Popshot Magazine Issue 16 is available now. Within its pages, we’ll find a daughter extracting memories from her mother’s mind, a couple feasting on slices of rainbow, refugees spreading roots in friendlier lands, a woman who begins to disappear from sight and someone with a small, bright bird inhabiting their chest.
Jacob Newell Armitage, Katherine Venn, Mike Fox, Rowan Dent, Tracy Fells, Lucy Winrow, Lynsey Morandin, Denni Turp, Louise Green, Craig Wallwork, Mab Jones, Elizabeth Lovatt, Miki Byrne, L P Lee, Kieran Cottrell, Ugo Okoronkwo, Geoff Bennett, Ledlowe Guthrie, James Hatton, Katie Overstall, Donna Laemmlen, Peter Grandbois and Cristina Haraba.
Ivan Canu, Joanna Gniady, Luis Pinto, Pedro Semeano, Mike Lees, Mitt Roshin, Slava Nesterov, Gabriella Barouch, Pete Reynolds, Lovely Creatures, Isabel Albertos, Leib Chigrin, Natalie Barahona, Oliver McAinsh, Lauren Crow, Yu-Ming Huang and Daria Skrybchenko.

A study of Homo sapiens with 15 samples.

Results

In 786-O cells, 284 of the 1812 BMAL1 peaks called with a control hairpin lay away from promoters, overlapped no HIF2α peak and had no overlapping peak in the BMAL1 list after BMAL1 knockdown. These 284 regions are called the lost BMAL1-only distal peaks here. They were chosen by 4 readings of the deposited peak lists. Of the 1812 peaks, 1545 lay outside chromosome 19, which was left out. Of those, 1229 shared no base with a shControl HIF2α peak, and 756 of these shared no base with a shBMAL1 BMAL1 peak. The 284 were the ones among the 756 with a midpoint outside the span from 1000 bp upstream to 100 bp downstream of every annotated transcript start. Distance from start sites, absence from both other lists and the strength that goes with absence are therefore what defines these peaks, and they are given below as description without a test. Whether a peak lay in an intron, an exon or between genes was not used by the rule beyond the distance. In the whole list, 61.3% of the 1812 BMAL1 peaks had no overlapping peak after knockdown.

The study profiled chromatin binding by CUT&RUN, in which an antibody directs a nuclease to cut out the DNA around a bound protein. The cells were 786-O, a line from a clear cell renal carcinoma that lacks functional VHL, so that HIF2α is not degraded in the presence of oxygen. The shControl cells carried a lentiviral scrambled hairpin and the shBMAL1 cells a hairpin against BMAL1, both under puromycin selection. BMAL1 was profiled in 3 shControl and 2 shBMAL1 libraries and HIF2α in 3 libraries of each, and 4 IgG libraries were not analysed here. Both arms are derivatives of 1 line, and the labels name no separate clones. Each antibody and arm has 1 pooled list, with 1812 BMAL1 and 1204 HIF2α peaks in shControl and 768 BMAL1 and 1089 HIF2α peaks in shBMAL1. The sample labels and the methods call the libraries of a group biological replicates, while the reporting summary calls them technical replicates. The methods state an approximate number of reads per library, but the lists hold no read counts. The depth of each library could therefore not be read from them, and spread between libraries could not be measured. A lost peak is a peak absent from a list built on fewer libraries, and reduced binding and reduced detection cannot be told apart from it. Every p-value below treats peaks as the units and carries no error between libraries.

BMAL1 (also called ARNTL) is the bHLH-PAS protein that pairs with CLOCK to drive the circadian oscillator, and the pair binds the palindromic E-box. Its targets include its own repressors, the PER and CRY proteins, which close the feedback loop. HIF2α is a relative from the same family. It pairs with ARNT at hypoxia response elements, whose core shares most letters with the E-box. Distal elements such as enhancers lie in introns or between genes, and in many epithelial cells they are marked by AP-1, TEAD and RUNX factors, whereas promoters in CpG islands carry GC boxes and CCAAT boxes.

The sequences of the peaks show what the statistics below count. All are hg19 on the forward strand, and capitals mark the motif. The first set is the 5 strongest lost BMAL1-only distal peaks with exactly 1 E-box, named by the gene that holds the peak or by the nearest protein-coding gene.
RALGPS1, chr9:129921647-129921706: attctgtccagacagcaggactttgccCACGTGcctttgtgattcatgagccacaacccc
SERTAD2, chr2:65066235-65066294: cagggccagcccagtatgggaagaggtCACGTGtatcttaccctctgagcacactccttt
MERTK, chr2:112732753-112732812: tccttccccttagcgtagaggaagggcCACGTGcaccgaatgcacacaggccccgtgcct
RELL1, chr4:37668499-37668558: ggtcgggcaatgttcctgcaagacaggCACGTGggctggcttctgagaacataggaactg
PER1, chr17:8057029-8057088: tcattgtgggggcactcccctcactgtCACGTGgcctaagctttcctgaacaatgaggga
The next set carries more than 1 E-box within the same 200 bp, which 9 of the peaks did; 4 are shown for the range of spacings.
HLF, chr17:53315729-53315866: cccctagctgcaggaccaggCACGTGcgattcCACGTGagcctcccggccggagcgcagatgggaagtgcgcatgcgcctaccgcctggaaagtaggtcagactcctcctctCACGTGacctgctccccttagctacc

Popshot magazine is an illustrated literary publication that publishes short stories, flash fiction, and poetry from the literary new blood. Popshot magazine is published bi-annually, releasing a new issue every April and October. In June 2008, the idea for a poetry & illustration magazine materialised as a result of picking through the literary shelves of the now deceased Borders. There was a feeling that the world of poetry was driving itself into an elitest and fusty no-through road, and we wanted to do something about it. Combining illustration with poetry in a neat and beautifully designed format, in April 2009 the first issue of Popshot magazine launched, thumping its chest and quoting Adrian Mitchell’s ‘Most people ignore most poetry because most poetry ignores most people’. With black pages, a sans serif typeface, and filled with vibrant illustration work, the magazine didn’t look like a poetry magazine and we were thrilled with it. In the years since, that positioning has developed into a strong reputation for quality writing, with Dazed & Confused calling the magazine “a who isn’t yet who of contemporary literature” and The List claiming that “Popshot looks for the best and finds it.”